Victor Y. Yazbeck, MD, discusses the potential for venetoclax and idelalisib, both as single agents and in combination with other agents, and what questions remain regarding both therapies in CLL.
The treatment landscape for chronic lymphocytic leukemia (CLL) is about to undergo a significant transformation, says Victor Y. Yazbeck, MD, an assistant professor of Hematology-Oncology, Internal Medicine, at Virginia Commonwealth University (VCU) School of Medicine, VCU Massey Cancer Center.
Several new agents, especially as part of combinations regimens, have the potential to be practice-changing, he says. These include the combination of idelalisib (Zydelig) with bendamustine and rituximab (BR).
“This is a very active combination and it will most likely become a standard of care in the relapse setting,” says Yazbeck.
In a phase III trial, the combination of idelalisib and BR reduced the risk of progression or death by 67% compared with BR alone for patients with CLL.1 After 12 months of follow-up, the median progression-free survival (PFS) with idelalisib was 23.1 months compared with 11.1 months for BR alone (HR, 0.33; 95% CI, 0.24-0.45; P <.0001).
Another exciting agent is the Bcl-2 inhibitor venetoclax, which received FDA priority review in January 2016 for use in adults with CLL, including patients with a 17p deletion following at least 1 prior therapy. The FDA will take action on the drug's application within 6 months.
Also in January, venetoclax received an FDA breakthrough therapy designation for use in combination with rituximab (Rituxan). This was based on data from the phase Ib M13-365 study, in which the combination demonstrated an overall response rate (ORR) of 86%, with deep and durable responses in patients with relapsed/refractory CLL.2
In an interview with OncLive, Yazbeck discusses the potential for venetoclax and idelalisib, both as single agents and in combination with other agents, and what questions remain regarding both therapies in CLL. Yazbeck: Recently, phase II data was released on venetoclax for patients with CLL who harbor the 17p deletion. Single-agent venetoclax demonstrated an ORR of 80%, with a complete response rate of close to 7.5%.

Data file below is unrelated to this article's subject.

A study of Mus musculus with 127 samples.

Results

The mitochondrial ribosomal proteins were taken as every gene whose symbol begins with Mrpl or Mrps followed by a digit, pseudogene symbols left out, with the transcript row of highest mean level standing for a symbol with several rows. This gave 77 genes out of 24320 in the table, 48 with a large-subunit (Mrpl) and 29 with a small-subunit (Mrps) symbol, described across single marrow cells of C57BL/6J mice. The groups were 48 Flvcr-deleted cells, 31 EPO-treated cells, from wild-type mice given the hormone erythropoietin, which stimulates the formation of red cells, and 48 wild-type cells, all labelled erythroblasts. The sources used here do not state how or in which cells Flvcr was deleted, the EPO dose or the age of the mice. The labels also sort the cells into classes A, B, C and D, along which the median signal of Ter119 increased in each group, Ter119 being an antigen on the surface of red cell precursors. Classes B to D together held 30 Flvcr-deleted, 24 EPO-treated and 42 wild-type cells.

In another study, venetoclax was combined with rituximab (Rituxan) in relapsed/refractory patients with CLL. This showed an ORR of close to 80% with a complete response (CR) rate of 44%. In the 17p deletion population, the ORR was over 80% and the CR was 33%. The PFS rates at 12 months and 24 months were 89% and 79% in the 17p deletion population, respectively, compared with 87% and 84% in all patients. The 12-month OS rate was 89% for patients with 17p deletion and 94% for all patients. Venetoclax targets Bcl-2, which is an anti-apoptotic protein, which prevents the cancer cell from undergoing apoptosis or cell death.
Thus far, no drug has been approved in this area. Venetoclax is the first one to be near approval—expected this year—and would be the first drug to be approved in this class. This will be an additional option for this population. Hopefully, once it is approved, other combinations with venetoclax will be investigated and approved to increase the benefit from this drug to patients. There are major questions that remain regarding venetoclax development. As a single agent, it is active but, obviously, the CR rate is limited. A lot of ongoing studies are trying to understand how to better combine it with other active agents, both in CLL and in other non-Hodgkin lymphomas.
In this setting, at VCU Massey Cancer Center, we are working on a rational combination regimen with venetoclax and a PI3 kinase inhibitor that has preclinically shown a very synergistic interaction between the two. We hope that will lead to better clinical activity. One exciting combination is idelalisib and BR. Idelalisib and BR were investigated in a study in relapsed/refractory CLL presented at the 2015 ASH Annual Meeting.
In this study, it showed overwhelmingly positive results. The combination doubled PFS with a hazard ratio of 0.33, so it decreased the risk of progression and death by 67%. More importantly, it showed an improvement in OS, including in patients with 17p deletion who typically have a poor prognosis. This is a very active combination, and it will most likely become a standard of care in the relapse setting. In the HELIOS trial, the combination of ibrutinib (Imbruvica) and BR in CLL led to an improvement in PFS, but not OS. Now, with the idelalisib data, this will be the new standard of care for relapsed CLL.
I also think it will eventually be moved to the frontline setting. There are currently trials in CLL with BR and idelalisib versus BR alone in the frontline setting. We are currently also investigating idelalisib and BR in the frontline setting for indolent Hodgkin lymphoma.